Time to go back home, people of Chernobyl insist
The Times 24 April 2004
Maria Dika was on the ground floor of block four of the Chernobyl nuclear plant when the reactor exploded, at 1.23am on April 26 1986.
The world’s worst nuclear accident unleashed ten times the radiation of Hiroshima. Mrs Dika was at the epicentre.
“There was a flash of fire and the sound of an explosion, and then the wall collapsed,” the former security guard recounts matter-of-factly.
In the aftermath of the blast, 118,000 people were evacuated from within 19 miles (30km) of the plant in northern Ukraine. Contaminated dust spread across Europe and as far as the North Pole. Since then, an estimated 25,000 people have died and tens, possibly hundreds, of thousands more fallen sick from radiation–related illnesses in Ukraine alone.
But 18 years on, Mrs Dika still lives in the town of Chernobyl, less than six miles from the makeshift concrete sarcophagus that encases 200 tonnes of radioactive material still smouldering in the ruins of reactor number four.
She is one of several hundred residents who have drifted back to the 19 mile “exclusion zone”, despite a massive increase in thyroid cancer cases in contaminated areas and official warnings that the sarcophagus is collapsing.
The returnees eke out a living in a no man’s land where moose, boar and wolves roam freely around abandoned villages and farmland. Some come in search of a future – a job or a plot of land to farm. But most, like Mrs Dika, are clinging to the past.
“I was born here, I spent all my life here. Those are my simple reasons. The radiation has got used to us now,” she explains with a smile, leaning casually on her balcony in the evening sunshine. There is a deceptive air of normality around Chernobyl.
As we arrived at the plant, staff were milling around in suits and overalls, apparently oblivious to the Geiger counter over the entrance reading 72 micro-roentgens an hour – seven times the radiation level in Kiev and almost three times the safety limit for everyday living.
Some 4,000 people work here, monitoring the sarcophagus and supervising the removal and storage of radioactive material from the three other reactors, the last of which was shut down in 2000.
They commute to the plant daily ion a special train from Slavutych, a purpose-built town outside the exclusion zone. Others come to Chernobyl town for a few days at a time to maintain dykes and ditches to prevent forest fires that would spread the contamination even further. Only a hardly few – estimates range between 500 and 1,500 – dare to live here permanently.
“Of course it’s not dangerous,” says Tatyana Khrushch, another Chernobyl returnee. “The air is clean, the forests are lovely and the mushrooms are great.”
In reality, the health hazards are appalling. The sarcophagus – 400,000 cubic metres of concrete and 7,000 tonnes of metal erected with helicopters and remote-control machines in just 206 days after the blast – is falling apart.
“There is a real possibility that the sarcophagus will collapse” says Yuliya Marusych, a spokeswoman for the plant, as she stood in the observatory from which visitors view the great grey hulk. Behind her a Geiger counter measuring radiation on the roof recorded 1,600 roentgens. “The Chernobyl crisis is not over.”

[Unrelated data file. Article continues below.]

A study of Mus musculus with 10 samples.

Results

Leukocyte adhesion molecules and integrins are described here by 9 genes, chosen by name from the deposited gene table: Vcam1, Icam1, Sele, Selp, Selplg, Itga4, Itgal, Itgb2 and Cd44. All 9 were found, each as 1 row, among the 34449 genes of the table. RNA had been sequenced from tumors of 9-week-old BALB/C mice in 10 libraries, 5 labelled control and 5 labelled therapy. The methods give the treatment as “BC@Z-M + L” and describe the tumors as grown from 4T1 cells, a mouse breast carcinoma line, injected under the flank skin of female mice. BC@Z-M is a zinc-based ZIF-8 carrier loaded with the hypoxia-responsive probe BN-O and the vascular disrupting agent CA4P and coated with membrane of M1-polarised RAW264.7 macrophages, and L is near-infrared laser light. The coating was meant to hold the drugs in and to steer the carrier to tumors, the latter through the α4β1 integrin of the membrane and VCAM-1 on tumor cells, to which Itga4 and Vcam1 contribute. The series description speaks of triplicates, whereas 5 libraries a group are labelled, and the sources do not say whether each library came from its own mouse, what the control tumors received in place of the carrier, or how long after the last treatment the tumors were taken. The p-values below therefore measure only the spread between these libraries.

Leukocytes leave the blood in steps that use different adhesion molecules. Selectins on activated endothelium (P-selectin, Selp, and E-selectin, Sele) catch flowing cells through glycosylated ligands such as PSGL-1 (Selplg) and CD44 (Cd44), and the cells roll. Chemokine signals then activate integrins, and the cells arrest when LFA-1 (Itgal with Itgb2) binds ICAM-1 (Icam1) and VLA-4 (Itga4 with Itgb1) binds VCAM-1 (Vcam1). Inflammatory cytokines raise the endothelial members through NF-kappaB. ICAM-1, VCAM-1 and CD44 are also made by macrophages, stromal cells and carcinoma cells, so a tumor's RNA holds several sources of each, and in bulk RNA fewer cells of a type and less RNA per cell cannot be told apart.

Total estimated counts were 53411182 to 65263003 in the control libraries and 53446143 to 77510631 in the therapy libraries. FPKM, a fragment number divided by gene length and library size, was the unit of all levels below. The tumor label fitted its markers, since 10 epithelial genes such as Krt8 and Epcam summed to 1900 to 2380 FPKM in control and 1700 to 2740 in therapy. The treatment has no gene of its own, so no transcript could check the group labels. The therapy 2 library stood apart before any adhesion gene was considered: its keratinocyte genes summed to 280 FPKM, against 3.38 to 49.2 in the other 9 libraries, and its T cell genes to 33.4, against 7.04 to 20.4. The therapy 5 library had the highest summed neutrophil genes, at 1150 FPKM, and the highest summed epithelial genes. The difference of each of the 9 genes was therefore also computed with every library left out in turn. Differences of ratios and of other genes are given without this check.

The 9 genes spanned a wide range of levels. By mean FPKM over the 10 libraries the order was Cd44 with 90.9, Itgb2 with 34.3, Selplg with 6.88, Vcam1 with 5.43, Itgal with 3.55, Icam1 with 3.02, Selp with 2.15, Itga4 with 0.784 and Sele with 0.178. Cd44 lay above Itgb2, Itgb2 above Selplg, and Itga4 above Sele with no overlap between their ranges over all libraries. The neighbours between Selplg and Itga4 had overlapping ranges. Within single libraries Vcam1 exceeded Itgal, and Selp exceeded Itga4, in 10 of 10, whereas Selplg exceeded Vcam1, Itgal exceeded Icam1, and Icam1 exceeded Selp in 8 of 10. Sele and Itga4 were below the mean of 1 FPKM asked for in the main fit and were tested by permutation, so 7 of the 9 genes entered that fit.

In the second half of this year, work will start on a two-year plan to stabilise the sarcophagus. Then, in 2006, the authorities will launch a $750 million (£424 million) project to build a giant steel arc that will enclose the entire block. The structure, 108 metres high and 250 metres wide, will be built to one side and then slid over the block on rails. Only then can experts start to remove the radioactive material from reactor four to make the site safe for good – a project that could take up to 100 years.
If completed on time, the new enclosure will shield Mrs Dika and her fellow returnees from a further leak, but it cannot protect them from the damage already done.
Dr Volodymyr Sert runs a Red Cross mobile laboratory offering thyroid cancer screening in the region of Zhytomyr, about 40 miles from Chernobyl. Last year he discovered 68 cases in this region of 1.3 million people. In 1986, there were just 15. And between 2006 and 2010, he expects an average of 100 cases per year.
“Of course it would be better for them to move from this area. But they do not have any place to go,” he said as dozens of people queued up for screening in the village of Laski. Most at risk are those now between 17 and 35, as their thyroid glands absorbed more contaminated iodine – the likely cause of the cancer – in the aftermath of the blast.
Olga Davidenko was not even born at the time of the explosion, but Dr Sert has just told her that she has an enlarged thyroid gland and should go to the regional hospital for a biopsy.
“I am convinced that people should leave here,” said the shaken 17-year-old, who wants to study law at university.
“I think people should find a way to clean up the air. I am convinced that this misery can be eradicated,” she added.
Against all the odds, Mrs Dika has been lucky so far. Immediately after the blast she was flown to Moscow and treated for three months in what was then the only radiation clinic in the Soviet Union.
Since then, she has felt fine. Her only regret, it seems, is that she cannot move back to her old flat in Pripyat, just 3km from the plant.
Once a model city, Pripyat is now a ghost town, strewn with the belongings of its 50,000 residents and decorations for the May Day parade they were preparing before they were evacuated 36 hours after the blast.
“Of course I miss it,” Mrs Dika says wistfully. “It was my home.”